Going back to school to get your master’s or doctorate is a huge decision, and figuring out how to pay for it is also a big deal. If you’ve used up all your scholarship and grant options, graduate student loans could be just what you need to pay for school.
In this guide, we’ll go over how to apply for student loans as a graduate student and where to find them.
Federal student loans
If you’re looking for graduate student loans, there are two different options: federal student loans and private student loans.
Federal student loans are offered through the U.S. Department of Education, whereas private student loans are found through private financial institutions.
Federal student loans have generous benefits for borrowers, such as income-driven repayment and student loan forgiveness. Private student loans, on the other hand, can have fewer repayment options and benefits.
That’s why it’s typically advised to go with federal student loans first and take out private student loans to cover any gaps.
Graduate students aren’t eligible for Direct Subsidized Loans, which help cover interest while in school. However, there are a couple of federal student loan options available for graduate students:
- Direct Unsubsidized Loans (also called Stafford Loans)
- Direct Graduate PLUS Loans
The current interest rate for Direct Unsubsidized Loans is 6.6%. There’s also currently a loan disbursement fee of 1.062%. Graduate students can borrow up to the maximum amount, which is $20,500.
Direct Graduate PLUS Loans currently have an interest rate of 7.6% and have a loan disbursement fee of 4.248%. While PLUS loans have a higher interest rate and associated fees, graduate students can borrow enough to cover the total cost of education, minus what you get from financial aid.
Private student loans
When it comes to private graduate student loans, your offerings, interest rates and repayment plans vary by lender. One of the main differences between undergraduate student loans and graduate student loans is a credit check. While many loans don’t require a credit check, Direct Graduate PLUS Loans do require one. Additionally, any private loans will require a credit check as well.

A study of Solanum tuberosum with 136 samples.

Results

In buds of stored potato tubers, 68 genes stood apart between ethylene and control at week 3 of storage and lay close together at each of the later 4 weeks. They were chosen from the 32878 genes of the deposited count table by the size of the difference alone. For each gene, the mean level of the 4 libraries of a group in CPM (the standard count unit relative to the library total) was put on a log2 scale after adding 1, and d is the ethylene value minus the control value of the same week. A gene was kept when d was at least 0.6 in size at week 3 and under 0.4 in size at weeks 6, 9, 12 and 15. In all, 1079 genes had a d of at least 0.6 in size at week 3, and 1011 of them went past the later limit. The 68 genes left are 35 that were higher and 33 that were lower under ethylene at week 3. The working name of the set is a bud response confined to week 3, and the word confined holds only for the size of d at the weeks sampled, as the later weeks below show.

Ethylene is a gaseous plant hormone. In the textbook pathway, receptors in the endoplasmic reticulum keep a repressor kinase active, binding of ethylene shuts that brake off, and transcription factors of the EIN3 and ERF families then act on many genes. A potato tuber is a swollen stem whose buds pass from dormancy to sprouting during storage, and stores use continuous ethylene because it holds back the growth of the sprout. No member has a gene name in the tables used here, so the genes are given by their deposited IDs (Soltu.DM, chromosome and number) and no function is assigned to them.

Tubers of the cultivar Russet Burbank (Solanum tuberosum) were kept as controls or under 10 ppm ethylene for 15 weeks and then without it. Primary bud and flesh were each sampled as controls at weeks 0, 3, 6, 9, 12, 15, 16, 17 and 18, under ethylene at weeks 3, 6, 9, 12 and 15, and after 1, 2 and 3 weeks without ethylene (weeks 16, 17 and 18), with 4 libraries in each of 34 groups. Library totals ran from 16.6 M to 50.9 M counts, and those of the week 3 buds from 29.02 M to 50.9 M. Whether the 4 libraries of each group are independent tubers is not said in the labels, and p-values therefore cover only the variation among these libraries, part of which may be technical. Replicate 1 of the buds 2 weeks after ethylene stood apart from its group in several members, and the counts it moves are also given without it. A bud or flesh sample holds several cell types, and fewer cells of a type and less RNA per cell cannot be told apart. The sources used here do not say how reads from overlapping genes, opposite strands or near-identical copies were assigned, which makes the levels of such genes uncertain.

According to credit bureau Experian, a good credit score is 700 or above. Credit requirements vary by lender, so use this as a benchmark, but not a rule.
Private student loans may require a cosigner and can have limited protections for student loan borrowers.
How to apply for federal graduate student loans
To qualify for federal student loans, borrowers must submit the Free Application for Federal Student Aid (FAFSA). The good news is that it’s free and you can submit it online.
To apply for federal graduate student loans:
1. Fill out the FAFSA: To prepare for filling out the application, have the following ready:
- Tax returns
- Bank statements
- Social Security number or Alien Registration Number
- Documentation of untaxed income, if necessary
- FSA ID
Each school and state may have varying FAFSA deadlines. Check here to find out your deadline, and submit it on time.
2. Apply for federal student loans: You may need to apply for Direct PLUS loans separately or through your school.
3. Wait for your award letter: Direct Loans are part of your financial aid package.
4. Sign your Master Promissory Note: Once you receive your award letter, you can accept your student loans by signing a Master Promissory Note (MPN).
5. Complete federal student loan entrance counseling: If you haven’t done so before, complete entrance counseling so you’re familiar with your student loan payments and what’s required of you.
The loan funds are disbursed to the school to pay for tuition and fees. If there are remaining funds leftover, they’re then disbursed to you. Your loan servicer will get in touch with you to offer updates about your loans and loan status.
When you’re ready to repay your student loans, payments are directed to your servicer, so keep your contact information up to date.
Applying for private student loans
If you need to apply for private graduate student loans, here are the steps to take:
- Research eligible lenders: Check out different banks, credit unions and other financial institutions. Some lenders might have private loan options specifically for certain occupations or degrees. Here are the top three graduate private student loan options.
- Look at eligibility requirements: Find out which options you qualify for.
- Apply for student loans with a private lender: Private loans are credit-based, so you’ll need good credit or a cosigner to get approved. You’ll likely need your financial documents, like tax returns and pay stubs, for your application.
- Choose interest rates and repayment term: Select between variable or fixed APR as well as a repayment term.
- Accept the loan: Sign the required documents to obtain the loan.
The good news is there are various funding options for graduate school, from federal loans to private student loans. It’s important to read the terms and conditions along with the fine print and to know your APR as well as repayment term. On top of that, be sure to follow an important rule: only borrow what you need. Your future self will thank you, and it will make repayment easier.
Have any questions? Get in touch about a student loan consultation.